Box C - Interpreting Shipment Value and Tonnage Data in the Composite Estimates

Box C - Interpreting Shipment Value and Tonnage Data in the Composite Estimates

The new freight totals are larger than the value-added and final weight of materials used in products purchased by consumers and other end-users. Also, the total value of shipments is not directly comparable to the national Gross Domestic Product (GDP) because GDP measures the value added or net output of production. The value of goods measured in the CFS includes the market value of goods used in production as well as final demand; hence the goods may be counted more than once in the production life cycle.

While the composite estimates of total freight shipments provide the most complete commercial freight picture for all modes of transportation, they exclude most government shipments, except municipal solid waste.

The new national composite estimates define a shipment in a similar manner as defined in the CFS. A shipment is a single movement of goods, commodities, or products from an establishment to a single customer or to another establishment owned or operated by the same company as the originating establishment (e.g., a warehouse, distribution center, or retail or wholesale outlet). Shipments are recounted every time the goods change hands from one establishment to another. Full or partial truckloads are counted as a single shipment only if all commodities on the truck are destined for the same location. If a truck makes multiple deliveries on a route, each stop is counted as one shipment.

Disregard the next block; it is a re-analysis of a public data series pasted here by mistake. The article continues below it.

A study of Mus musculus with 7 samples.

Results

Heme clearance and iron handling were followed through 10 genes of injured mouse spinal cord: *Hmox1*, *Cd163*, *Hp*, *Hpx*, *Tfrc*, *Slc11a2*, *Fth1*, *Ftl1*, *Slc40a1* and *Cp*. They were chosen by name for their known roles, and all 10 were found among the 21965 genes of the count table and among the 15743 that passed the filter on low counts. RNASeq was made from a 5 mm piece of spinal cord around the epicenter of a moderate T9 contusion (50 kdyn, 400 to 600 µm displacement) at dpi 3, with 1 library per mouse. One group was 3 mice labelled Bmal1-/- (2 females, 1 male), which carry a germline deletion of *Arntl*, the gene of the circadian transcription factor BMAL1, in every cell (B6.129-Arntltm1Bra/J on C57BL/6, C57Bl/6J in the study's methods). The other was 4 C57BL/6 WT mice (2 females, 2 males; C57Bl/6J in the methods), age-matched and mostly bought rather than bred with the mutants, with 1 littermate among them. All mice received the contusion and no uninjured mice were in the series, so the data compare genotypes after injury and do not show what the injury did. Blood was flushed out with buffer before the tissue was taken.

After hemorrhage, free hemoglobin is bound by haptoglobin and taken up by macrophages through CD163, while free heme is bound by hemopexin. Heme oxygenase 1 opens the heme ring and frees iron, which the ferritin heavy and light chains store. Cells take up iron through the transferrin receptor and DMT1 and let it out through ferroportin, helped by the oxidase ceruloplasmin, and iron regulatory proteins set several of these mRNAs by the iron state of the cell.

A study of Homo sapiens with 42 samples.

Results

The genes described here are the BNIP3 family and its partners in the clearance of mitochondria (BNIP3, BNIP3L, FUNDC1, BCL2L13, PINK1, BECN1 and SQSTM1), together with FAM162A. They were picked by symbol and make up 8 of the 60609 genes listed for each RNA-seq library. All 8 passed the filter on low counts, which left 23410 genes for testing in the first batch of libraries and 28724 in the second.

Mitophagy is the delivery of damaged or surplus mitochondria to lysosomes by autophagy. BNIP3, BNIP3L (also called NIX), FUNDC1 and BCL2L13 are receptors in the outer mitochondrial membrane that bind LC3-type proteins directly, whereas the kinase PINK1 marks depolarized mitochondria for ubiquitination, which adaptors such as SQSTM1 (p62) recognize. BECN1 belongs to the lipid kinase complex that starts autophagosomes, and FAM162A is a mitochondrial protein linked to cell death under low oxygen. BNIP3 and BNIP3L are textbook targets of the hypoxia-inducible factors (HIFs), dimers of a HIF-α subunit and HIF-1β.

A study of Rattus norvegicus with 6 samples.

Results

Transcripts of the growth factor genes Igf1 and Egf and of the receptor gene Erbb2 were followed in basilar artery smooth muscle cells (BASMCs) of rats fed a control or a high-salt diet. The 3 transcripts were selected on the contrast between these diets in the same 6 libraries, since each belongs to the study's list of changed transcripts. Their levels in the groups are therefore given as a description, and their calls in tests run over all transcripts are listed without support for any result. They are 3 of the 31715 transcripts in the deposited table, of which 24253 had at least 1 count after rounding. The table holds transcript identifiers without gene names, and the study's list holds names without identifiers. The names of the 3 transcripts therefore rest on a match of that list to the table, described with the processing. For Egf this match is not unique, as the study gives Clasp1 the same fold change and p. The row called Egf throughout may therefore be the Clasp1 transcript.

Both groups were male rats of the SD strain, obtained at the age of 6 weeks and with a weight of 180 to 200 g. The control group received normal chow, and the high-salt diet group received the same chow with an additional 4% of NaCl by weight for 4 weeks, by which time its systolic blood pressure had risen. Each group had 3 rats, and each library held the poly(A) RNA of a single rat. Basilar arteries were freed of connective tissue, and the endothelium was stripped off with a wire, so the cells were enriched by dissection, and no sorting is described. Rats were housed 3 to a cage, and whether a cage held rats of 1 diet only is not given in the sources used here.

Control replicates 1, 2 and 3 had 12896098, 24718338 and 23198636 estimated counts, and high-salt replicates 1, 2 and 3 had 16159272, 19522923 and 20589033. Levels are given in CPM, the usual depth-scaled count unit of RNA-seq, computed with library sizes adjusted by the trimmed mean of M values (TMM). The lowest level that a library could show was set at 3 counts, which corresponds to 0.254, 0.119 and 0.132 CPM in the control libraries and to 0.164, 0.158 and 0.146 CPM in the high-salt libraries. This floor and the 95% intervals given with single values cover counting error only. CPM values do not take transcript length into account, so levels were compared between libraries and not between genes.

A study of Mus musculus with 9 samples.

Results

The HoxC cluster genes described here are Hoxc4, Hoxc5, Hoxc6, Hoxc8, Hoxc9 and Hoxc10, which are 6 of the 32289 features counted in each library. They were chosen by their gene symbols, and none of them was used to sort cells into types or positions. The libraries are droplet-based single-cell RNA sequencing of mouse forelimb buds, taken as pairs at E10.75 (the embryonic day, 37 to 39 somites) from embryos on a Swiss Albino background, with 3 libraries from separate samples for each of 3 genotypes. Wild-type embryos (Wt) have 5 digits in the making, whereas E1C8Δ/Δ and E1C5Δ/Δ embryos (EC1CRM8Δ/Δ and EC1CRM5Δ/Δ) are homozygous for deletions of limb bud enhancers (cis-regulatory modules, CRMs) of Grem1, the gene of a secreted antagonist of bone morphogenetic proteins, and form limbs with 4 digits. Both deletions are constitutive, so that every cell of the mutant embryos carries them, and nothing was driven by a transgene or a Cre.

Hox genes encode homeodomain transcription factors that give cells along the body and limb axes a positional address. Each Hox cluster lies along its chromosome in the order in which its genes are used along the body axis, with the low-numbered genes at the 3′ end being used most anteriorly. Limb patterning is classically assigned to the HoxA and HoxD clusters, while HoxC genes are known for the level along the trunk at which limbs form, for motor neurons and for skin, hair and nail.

For the sectors covered in the CFS, a shipment is counted to represent a transportation movement and measures the true origins and destinations as contrasted with terminal-to-terminal movements. Even where shipments are carried by more than one transportation mode, the shipment information covers the ultimate origins and destinations. However, because the CFS data are from shippers and not carriers, the data do not accurately measure intermodal combinations used for transporting the goods. This lack of accurate modal information affects the level of intermodal shipments, because some of these shipments are grouped into other and unknown modes.

For the non-CFS sectors, shipments represent the total goods generated, handled, or transported by that sector. Because actual information on true origins and destination is not available for nearly all these non-CFS sectors, the new estimates cover an approximate distance representing the average distance traveled by particular commodities and transportation modes. This is particularly the case for merchandise imports, where detail information on ultimate domestic destination of goods by commodity and mode or whether and where the goods changed hands are nonexistent. And so, for example, the value and tonnage of imported freight are not counted multiple times as the goods arrive at U.S. ports and are transported to their true final destinations elsewhere in the country or to local warehouses and distribution centers. However, if the imports happen to be transported to a domestic U.S. establishment that is covered by the CFS, then those goods will be measured by the CFS and as such will be double counted in these new composite estimates. Currently, BTS and FHWA do not have the information necessary to remove such potential double counting.